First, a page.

Chess is at an all-time high in India currently. Not only has the popularity of the sport skyrocketed, but the country is also producing top-level Grandmasters (GM) at will.
Even though India currently possess of a whopping 73 GMs, only two of them are women – Koneru Humpy and Harika Dronavalli.
In fact, the latter in an exclusive interaction with The Bridge stated that the next few years would be crucial for women's chess in India with some very talented juniors rising through the ranks. One amongst them is Bangalore's Shashini Puvi.
Coming from a family which has no prior history with chess, Shashini has already clinched multiple national titles. What makes these achievements even more exciting is the fact that Shashini is just 8-year-old.
"I started playing chess when I was 3 and have been playing ever since," Shashini tells The Bridge.
So how did this kid get into a sport like chess at such a young age?
"My wife and I took a parenting class after Shashini was born. We were introduced to some memory enhancing techniques in toddlers there, we tried a couple of things on Shashini and it worked amazingly well. The memory power she had when she was two and a half was much superior to the kids that age," says Shashini's father Puvi Subramanian.
When Puvi and his wife Deepa noticed the memory power of their daughter, they decided to give chess a shot. "I have never played chess seriously. I just knew the basics of the game and imparted it to Shashini. To our surprise, she grasped the game very easily and displayed interest as well," he adds.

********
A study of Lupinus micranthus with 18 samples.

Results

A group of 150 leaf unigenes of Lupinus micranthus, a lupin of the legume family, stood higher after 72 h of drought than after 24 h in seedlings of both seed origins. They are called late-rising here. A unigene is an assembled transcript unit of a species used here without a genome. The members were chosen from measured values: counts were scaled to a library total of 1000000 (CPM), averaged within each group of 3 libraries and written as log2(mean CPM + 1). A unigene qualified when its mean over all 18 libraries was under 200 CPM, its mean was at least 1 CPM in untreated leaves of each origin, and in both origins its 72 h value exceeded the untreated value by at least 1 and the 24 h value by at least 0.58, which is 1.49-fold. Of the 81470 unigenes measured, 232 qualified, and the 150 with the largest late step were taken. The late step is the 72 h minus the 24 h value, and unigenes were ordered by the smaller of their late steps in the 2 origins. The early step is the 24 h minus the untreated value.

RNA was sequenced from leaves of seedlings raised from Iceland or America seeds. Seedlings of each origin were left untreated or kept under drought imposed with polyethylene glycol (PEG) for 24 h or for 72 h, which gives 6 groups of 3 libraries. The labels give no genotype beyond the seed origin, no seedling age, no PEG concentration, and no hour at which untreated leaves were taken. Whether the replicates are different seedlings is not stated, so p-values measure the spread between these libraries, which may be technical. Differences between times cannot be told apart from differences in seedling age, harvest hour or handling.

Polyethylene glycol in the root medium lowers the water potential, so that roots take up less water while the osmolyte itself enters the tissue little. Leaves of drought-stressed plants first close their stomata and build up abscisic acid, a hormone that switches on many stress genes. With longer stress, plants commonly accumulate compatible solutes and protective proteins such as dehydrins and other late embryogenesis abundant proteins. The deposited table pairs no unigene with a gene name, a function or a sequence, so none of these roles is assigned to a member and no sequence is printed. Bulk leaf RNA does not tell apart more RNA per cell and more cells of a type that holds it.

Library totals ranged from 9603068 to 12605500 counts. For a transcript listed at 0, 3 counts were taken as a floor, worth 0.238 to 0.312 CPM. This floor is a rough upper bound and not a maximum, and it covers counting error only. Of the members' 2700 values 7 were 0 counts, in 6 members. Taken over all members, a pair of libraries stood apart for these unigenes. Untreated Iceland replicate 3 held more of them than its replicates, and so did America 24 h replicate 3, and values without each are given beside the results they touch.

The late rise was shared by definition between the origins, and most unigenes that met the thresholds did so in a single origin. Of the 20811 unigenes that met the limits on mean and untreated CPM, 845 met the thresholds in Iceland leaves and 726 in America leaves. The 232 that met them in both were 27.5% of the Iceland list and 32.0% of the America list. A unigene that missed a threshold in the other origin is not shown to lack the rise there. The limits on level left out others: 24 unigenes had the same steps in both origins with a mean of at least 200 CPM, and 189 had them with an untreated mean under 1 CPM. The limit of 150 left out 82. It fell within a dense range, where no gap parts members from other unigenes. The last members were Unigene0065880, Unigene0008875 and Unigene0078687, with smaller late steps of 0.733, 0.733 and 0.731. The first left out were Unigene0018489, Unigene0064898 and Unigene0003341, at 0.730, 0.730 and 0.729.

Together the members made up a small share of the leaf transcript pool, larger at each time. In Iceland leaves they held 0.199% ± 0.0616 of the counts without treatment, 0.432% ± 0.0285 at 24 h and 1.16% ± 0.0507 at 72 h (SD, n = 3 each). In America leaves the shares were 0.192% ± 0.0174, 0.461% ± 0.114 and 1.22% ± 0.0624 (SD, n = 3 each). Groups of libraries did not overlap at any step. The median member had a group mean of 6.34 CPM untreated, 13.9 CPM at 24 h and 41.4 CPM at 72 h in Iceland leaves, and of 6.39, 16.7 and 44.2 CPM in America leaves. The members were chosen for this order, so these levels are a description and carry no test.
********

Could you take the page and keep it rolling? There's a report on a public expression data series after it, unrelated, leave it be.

This led to the chess novice family frantically searching for chess academies near their home. It took them some time to find one, but once they did there has been no looking back.
At present, Shashini trains at the Chess Shoots academy in Bangalore and balances her passion for the age-old sport and her studies in school. She currently has her eyes set on achieving the Woman Grandmaster (WGM) title for now. "I practice for five hours daily. Mostly I train online," says Shashini, who also attends her regular school online, thanks to Covid-19 restrictions.
The academy she has been training at has played a great role in her development, Subramanian stresses multiple times. "We did not know how to enroll for any tournament or anything. The academy guided us and encouraged us even when I was a bit reluctant," Subramanian states.
He cites an example. "There was a National School tournament in 2019, where I did not want Shashini to play. This was right after the Western Asia Junior Chess, where she had just missed out on the podium. I wanted her to develop her game a bit more before exposing her to any tournaments, but her coach Hanumantha sir was confident. He kept saying she will win."
Subramanian could not travel with Shashini for the tournament, but her mother Deepa did. The result? They returned with the gold medal in under-5 girls section.
"Hanumantha sir came to the airport to receive Shashini after this win and we handed over the trophy to the academy, where it still is," Subramanian explains.
Hanumantha Rajanna passed away due to covid-19 last year.
Shashini, who also likes to paint, idolises Viswanathan Anand and wishes to emulate the exploits of India's first-ever Grandmaster. "I have only heard of Viswanathan Anand and want to meet him and become a GM like him someday," Shashini says.